Road to the New Energy Economy: the Role of Natural Gas

Media are invited to lunchtime Hill event on July 14th

Photo of bllue flame from burning of methane.

The event is co-sponsored by the National Science Foundation and DISCOVER magazine.

July 8, 2010

View a video of the July 14, 2010, Hill event on "Road to the New Energy Economy: Natural Gas."

This material is available primarily for archival purposes. Telephone numbers or other contact information may be out of date; please see current contact information at media contacts.

DISCOVER magazine and the National Science Foundation cordially invite you to attend a lunchtime panel discussion on July 14th to discuss the role of natural gas in the energy economy.

The event, "Road to the New Energy Economy," will be moderated by Robert T. Simmons, president of ASME (founded in 1880 as the American Society of Mechanical Engineers). The program will feature guest speakers Amadeu K. Sum, assistant professor in the chemical engineering department at the Colorado School of Mines and co-director of the university's Center for Hydrate Research, and Alan H. Epstein, vice president for technology and environment at Pratt & Whitney. Opening remarks will be provided by the Honorable Paul Tonko, Member, Committee on Science & Technology, U.S. House of Representatives.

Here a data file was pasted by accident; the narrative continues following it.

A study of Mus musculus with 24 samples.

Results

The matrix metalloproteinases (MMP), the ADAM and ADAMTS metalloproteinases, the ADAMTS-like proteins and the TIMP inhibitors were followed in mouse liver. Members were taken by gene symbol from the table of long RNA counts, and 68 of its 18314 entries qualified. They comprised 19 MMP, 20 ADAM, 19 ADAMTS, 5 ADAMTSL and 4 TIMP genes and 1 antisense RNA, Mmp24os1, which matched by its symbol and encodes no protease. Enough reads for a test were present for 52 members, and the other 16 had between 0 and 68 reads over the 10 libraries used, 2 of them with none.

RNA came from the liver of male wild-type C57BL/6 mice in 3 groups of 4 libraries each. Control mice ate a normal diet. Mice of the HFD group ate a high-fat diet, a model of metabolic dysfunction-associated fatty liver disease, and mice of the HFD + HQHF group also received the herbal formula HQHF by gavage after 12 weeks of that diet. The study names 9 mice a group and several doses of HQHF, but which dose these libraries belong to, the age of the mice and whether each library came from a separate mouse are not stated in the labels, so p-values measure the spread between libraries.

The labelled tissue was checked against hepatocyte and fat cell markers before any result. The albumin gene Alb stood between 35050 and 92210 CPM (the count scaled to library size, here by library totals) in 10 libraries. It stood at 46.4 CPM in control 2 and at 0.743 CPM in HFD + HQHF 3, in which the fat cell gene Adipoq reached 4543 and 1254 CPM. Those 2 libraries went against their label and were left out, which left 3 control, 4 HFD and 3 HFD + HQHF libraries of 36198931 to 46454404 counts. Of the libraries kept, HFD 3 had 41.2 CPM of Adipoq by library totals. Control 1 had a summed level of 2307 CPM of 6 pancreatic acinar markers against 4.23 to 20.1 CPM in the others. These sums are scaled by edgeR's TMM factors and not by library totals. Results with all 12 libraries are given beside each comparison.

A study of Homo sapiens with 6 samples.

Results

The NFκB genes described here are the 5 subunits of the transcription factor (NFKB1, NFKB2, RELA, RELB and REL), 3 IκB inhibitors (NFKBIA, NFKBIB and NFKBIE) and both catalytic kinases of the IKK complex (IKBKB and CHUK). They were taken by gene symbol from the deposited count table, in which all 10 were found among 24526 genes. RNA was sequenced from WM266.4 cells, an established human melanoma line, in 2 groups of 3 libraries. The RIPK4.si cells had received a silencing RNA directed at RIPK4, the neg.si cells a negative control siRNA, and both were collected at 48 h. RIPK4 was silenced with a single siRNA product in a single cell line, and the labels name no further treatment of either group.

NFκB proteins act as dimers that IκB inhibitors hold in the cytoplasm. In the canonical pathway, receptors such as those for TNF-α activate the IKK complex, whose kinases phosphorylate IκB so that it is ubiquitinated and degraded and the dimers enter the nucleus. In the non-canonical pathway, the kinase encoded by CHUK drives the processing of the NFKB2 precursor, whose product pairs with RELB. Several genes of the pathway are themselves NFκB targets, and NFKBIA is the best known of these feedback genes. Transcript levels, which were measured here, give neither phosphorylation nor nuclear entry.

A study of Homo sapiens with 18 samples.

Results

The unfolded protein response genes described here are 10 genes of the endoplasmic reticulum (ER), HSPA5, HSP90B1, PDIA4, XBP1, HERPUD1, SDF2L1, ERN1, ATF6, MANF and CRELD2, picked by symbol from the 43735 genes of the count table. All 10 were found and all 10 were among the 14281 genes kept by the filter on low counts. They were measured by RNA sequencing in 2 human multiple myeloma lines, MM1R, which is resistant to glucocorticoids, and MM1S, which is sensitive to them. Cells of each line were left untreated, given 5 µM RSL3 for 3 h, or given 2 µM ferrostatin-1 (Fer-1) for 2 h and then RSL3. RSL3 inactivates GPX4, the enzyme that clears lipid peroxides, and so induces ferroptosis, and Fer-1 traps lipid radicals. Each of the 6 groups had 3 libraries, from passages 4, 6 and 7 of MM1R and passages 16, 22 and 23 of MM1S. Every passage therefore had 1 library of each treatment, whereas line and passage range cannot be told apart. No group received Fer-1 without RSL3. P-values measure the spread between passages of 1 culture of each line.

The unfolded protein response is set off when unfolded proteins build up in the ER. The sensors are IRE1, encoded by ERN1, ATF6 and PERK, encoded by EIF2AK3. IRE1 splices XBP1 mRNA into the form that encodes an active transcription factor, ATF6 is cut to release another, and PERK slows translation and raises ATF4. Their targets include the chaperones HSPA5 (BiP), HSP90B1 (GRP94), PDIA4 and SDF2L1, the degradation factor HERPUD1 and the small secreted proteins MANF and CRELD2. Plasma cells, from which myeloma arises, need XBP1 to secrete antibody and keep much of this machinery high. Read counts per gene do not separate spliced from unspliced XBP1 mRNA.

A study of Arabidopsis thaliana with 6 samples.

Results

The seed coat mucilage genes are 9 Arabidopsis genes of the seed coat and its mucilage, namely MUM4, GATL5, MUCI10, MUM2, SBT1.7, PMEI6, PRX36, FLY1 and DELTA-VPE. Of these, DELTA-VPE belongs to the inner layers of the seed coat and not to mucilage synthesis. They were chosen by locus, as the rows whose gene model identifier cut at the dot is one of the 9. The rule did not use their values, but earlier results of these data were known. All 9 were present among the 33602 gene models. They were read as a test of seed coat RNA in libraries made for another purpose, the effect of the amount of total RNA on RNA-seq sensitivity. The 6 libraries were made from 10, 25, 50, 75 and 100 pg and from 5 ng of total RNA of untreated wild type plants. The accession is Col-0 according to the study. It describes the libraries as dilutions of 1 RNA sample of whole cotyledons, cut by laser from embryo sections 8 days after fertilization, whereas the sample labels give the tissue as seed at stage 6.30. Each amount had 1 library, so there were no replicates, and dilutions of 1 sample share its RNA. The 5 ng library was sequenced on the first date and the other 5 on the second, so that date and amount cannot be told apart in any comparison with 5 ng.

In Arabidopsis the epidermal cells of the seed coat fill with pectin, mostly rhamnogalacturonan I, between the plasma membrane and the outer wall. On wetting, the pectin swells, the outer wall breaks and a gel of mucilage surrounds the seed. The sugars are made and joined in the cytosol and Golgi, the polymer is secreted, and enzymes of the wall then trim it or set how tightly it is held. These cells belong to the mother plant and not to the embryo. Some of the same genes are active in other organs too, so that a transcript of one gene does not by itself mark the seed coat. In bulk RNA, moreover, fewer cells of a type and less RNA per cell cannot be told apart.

Please join us in the Rayburn House Office Building , Room 2325, from 12:00 noon to 1:15 p.m., July 14, 2010.

Lunch will be provided.



Media Contacts
Joshua A. Chamot, NSF, (703) 292-7730, email:

The U.S. National Science Foundation propels the nation forward by advancing fundamental research in all fields of science and engineering. NSF supports research and people by providing facilities, instruments and funding to support their ingenuity and sustain the U.S. as a global leader in research and innovation. With a fiscal year 2022 budget of $8.8 billion, NSF funds reach all 50 states through grants to nearly 2,000 colleges, universities and institutions. Each year, NSF receives more than 40,000 competitive proposals and makes about 11,000 new awards. Those awards include support for cooperative research with industry, Arctic and Antarctic research and operations, and U.S. participation in international scientific efforts.